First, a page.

The Swedish Transit Authority (Trafikverket) announced completion of repairs early on Thursday morning. Train traffic is expected to take to the rails again later in the day, but at reduced speed, said spokesman Lennart Helsing.
"The trains are only allowed to go at 40 kilometres an hour," he told the TT news agency. "The Transit Authority together with the train operators are going to get the trains back on the rails in small steps, but service may still be limited during the day."
Last week, a cargo train jumped the tracks about 200 metres north of Södra Station in central Stockholm. The train then struck and damaged a pillar. Taking place at the very beginning of mid-week rush hour, the accident saw a commuter train stuck in the tunnel behind the freight train and caused major delays for the rest of the day.
Traffic was perturbed for several days as the emergency services cited the risk of potential collapse in the tunnel. In addition to the capital's extensive commuter rail traffic, long-haul passenger rail was also affected.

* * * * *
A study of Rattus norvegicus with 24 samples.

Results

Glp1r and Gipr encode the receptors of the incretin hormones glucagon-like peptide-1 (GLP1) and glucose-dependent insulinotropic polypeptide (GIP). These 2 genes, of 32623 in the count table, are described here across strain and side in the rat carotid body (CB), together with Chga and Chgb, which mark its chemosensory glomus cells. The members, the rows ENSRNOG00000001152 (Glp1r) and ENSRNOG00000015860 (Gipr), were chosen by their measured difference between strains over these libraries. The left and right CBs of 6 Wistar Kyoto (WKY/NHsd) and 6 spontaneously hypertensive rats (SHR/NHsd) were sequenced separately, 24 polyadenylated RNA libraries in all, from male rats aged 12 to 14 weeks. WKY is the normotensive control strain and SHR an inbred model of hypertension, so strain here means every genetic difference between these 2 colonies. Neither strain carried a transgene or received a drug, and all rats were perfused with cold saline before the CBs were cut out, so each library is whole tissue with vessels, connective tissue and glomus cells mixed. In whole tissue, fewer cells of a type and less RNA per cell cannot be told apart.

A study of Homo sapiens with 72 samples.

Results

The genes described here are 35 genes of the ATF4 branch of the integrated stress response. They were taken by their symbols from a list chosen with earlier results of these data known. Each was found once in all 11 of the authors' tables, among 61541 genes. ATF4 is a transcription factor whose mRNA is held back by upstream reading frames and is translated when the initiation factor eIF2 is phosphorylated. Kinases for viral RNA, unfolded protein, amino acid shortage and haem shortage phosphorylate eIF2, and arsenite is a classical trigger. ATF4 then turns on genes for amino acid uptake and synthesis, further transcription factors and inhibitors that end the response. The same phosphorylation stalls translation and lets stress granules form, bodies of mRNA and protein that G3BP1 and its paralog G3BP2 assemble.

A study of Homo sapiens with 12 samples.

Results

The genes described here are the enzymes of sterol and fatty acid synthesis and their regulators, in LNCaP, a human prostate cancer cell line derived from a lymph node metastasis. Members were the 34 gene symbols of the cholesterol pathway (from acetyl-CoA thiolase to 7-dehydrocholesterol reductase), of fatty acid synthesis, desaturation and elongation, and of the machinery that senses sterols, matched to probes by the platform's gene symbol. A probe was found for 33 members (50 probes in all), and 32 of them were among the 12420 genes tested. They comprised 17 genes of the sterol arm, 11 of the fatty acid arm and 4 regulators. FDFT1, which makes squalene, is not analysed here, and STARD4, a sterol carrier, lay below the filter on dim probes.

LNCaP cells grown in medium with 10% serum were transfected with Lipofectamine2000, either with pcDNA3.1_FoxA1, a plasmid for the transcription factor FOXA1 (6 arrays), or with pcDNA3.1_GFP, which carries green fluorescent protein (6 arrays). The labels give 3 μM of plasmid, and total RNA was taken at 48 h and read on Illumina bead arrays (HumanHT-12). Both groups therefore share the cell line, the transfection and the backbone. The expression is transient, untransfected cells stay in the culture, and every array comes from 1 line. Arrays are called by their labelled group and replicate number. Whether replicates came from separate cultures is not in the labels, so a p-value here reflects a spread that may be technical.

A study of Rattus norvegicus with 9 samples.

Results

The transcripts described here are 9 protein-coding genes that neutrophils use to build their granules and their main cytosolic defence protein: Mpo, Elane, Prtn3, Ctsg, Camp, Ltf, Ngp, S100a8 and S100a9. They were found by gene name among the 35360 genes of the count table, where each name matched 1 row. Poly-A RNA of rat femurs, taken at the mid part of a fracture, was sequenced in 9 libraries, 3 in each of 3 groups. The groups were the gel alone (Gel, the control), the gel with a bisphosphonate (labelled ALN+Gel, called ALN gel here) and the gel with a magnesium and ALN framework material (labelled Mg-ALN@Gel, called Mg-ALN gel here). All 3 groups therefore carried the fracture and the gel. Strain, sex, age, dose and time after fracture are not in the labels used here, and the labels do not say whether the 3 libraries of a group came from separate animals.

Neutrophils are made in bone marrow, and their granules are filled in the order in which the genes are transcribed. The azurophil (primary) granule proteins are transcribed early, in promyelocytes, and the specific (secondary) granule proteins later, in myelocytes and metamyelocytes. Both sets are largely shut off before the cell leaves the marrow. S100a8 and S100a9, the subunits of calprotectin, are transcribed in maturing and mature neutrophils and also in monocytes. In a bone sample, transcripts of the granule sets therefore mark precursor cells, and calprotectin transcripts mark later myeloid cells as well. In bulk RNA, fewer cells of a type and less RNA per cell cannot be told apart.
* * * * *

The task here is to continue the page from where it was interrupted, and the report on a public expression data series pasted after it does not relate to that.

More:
The convergence of tracks between Stockholm Södra and Central Stations is a bottleneck regionally and nationally. The critical stretch was upgraded by worried workers last summer, who told a local radio channel about their concerns that the kilometre-long convergence area had become a security risk. Ulf Olofsson, professor at the Royal Institute of Technology (KTH), backed up their assessment.
"If you have to secure the tracks in over 500 places on a one-kilometre stretch, that tells you that you have lost control over the tracks," Olofsson told Sveriges Radio (SR) at the time.
The accident came as little surprise to opposition MP Anders Ygeman, who sits on the parliamentary committee on traffic.
"If you can move the rails with just one hand, it isn't difficult to see that a several-tonne train can move it. This is the stretch of rail with the most traffic in the country," he told the TT news agency last week. "Which means it should be the best maintained, but clearly it isn't."
Infrastructure Minister Catharina Elmsäter-Svärd agreed, saying the government had assigned more funds to maintenance, but said a crucial problem was that engineers were awaiting the completion of the new Citybanan commuter rail line, designed to ease pressure from the stretch, before a complete overhaul.
Despite the heavy traffic and congestion risk on the tracks, Elmsäter-Svärd said she believed there was a low risk of accidents in central Stockholm.